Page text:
MCA: BN consensus is government Bills before Hadi’s

Datuk Seri Abdul Hadi Awang Aziz’s motion for the private member’s Bill is fourth in today’s Order Paper. — Picture by Yusof Mat Isa
Datuk Seri Abdul Hadi Awang Aziz’s motion for the private member’s Bill is fourth in today’s Order Paper. — Picture by Yusof Mat Isa

KUALA LUMPUR, Oct 17 — Barisan Nasional (BN) has agreed that Putrajaya’s matters must come before PAS’s private Bill to upgrade the Shariah courts, MCA said when revealing the plan to block the latter from being debated in Parliament.

The Chinese-based BN component said its lawmakers will use this principle to ensure that PAS president Datuk Seri Abdul Hadi Awang’s motion does not make it beyond the Order Paper, said MCA president Datuk Seri Liow Tiong Lai.

“I raised this issue and it was very clear that Barisan has a consensus that Government Bills supersede Private Member’s Bills.

“We will make sure this Bill is not debated,” Liow was quoted by English daily The Star after witnessing the signing of a memorandum of understanding yesterday.

Hadi’s motion for this private member’s Bill is fourth in today’s Order Paper.

On October 1, BN secretary-general Datuk Seri Tengku Adnan Mansor said that all 13 members of the coalition have made up their mind on Hadi’s Bill, but refused to divulge the details.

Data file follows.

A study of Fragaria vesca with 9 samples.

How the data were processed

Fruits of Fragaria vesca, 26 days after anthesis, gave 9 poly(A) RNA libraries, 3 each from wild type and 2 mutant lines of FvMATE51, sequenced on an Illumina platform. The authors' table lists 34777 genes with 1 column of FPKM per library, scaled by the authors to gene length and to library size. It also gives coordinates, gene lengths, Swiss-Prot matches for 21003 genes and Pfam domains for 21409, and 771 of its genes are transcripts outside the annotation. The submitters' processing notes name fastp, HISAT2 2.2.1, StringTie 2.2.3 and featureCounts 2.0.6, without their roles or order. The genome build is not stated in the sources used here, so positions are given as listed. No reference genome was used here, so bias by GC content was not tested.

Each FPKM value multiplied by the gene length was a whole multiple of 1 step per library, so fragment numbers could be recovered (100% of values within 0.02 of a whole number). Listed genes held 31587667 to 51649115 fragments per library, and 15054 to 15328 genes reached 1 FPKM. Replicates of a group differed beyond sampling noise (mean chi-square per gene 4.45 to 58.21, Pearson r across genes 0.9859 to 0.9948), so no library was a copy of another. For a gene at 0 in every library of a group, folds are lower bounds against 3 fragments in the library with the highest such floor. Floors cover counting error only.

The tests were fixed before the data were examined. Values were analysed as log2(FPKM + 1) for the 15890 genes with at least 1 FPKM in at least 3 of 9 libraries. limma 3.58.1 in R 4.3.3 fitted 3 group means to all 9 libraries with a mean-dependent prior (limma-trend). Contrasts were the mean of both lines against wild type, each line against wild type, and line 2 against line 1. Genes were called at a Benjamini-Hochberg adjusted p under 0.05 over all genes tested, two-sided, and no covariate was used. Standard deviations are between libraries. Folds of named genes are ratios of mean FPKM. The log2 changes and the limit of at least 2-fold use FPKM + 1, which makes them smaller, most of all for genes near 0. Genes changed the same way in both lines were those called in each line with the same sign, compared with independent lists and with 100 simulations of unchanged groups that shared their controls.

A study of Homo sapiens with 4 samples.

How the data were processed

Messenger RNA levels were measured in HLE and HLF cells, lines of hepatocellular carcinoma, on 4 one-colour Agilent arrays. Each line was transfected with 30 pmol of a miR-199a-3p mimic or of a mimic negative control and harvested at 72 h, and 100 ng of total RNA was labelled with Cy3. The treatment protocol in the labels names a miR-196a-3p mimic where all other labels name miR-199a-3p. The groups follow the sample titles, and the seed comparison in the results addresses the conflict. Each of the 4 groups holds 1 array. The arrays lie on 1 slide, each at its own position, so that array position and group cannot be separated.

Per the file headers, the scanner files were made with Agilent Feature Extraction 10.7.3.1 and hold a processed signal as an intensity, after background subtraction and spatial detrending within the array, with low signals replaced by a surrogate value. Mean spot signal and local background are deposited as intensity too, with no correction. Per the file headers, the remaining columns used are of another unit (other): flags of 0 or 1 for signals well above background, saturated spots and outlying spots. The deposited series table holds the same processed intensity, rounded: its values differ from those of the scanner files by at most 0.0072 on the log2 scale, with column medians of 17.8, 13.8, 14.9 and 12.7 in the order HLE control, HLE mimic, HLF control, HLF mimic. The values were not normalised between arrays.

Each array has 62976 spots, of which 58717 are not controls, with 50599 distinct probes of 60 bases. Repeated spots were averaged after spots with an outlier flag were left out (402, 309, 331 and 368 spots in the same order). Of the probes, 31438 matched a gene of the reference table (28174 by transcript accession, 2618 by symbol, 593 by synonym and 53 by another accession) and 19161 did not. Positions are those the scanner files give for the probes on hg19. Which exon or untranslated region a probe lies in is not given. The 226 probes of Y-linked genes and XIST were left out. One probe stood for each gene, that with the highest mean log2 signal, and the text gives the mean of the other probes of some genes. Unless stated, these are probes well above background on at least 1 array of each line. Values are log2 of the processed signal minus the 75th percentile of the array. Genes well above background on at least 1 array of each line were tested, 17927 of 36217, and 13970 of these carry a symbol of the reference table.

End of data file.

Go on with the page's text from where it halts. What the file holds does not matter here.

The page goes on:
Several leaders of BN component parties admitted, however, to being in the dark when asked about the ruling coalition’s purported consensus.

Yesterday, MIC president Datuk Seri Dr S. Subramaniam said BN parties have agreed on how to handle Hadi’s Bill, and he hoped that the agreement would be honoured.

The Bill caused friction among BN parties after an Umno minister’s intervention allowed Hadi to table his motion for the Bill in the previous meeting of Parliament, but which he later opted to defer to the meeting starting today.

BN components other than Umno have openly opposed Hadi’s Bill.

It seeks to amend the Shariah Courts (Criminal Jurisdiction) Act 1965, also known as Act 355, to empower Islamic courts to enforce punishments ― except for the death penalty ― provided in Shariah laws for Islamic offences listed under state jurisdiction in the Federal Constitution.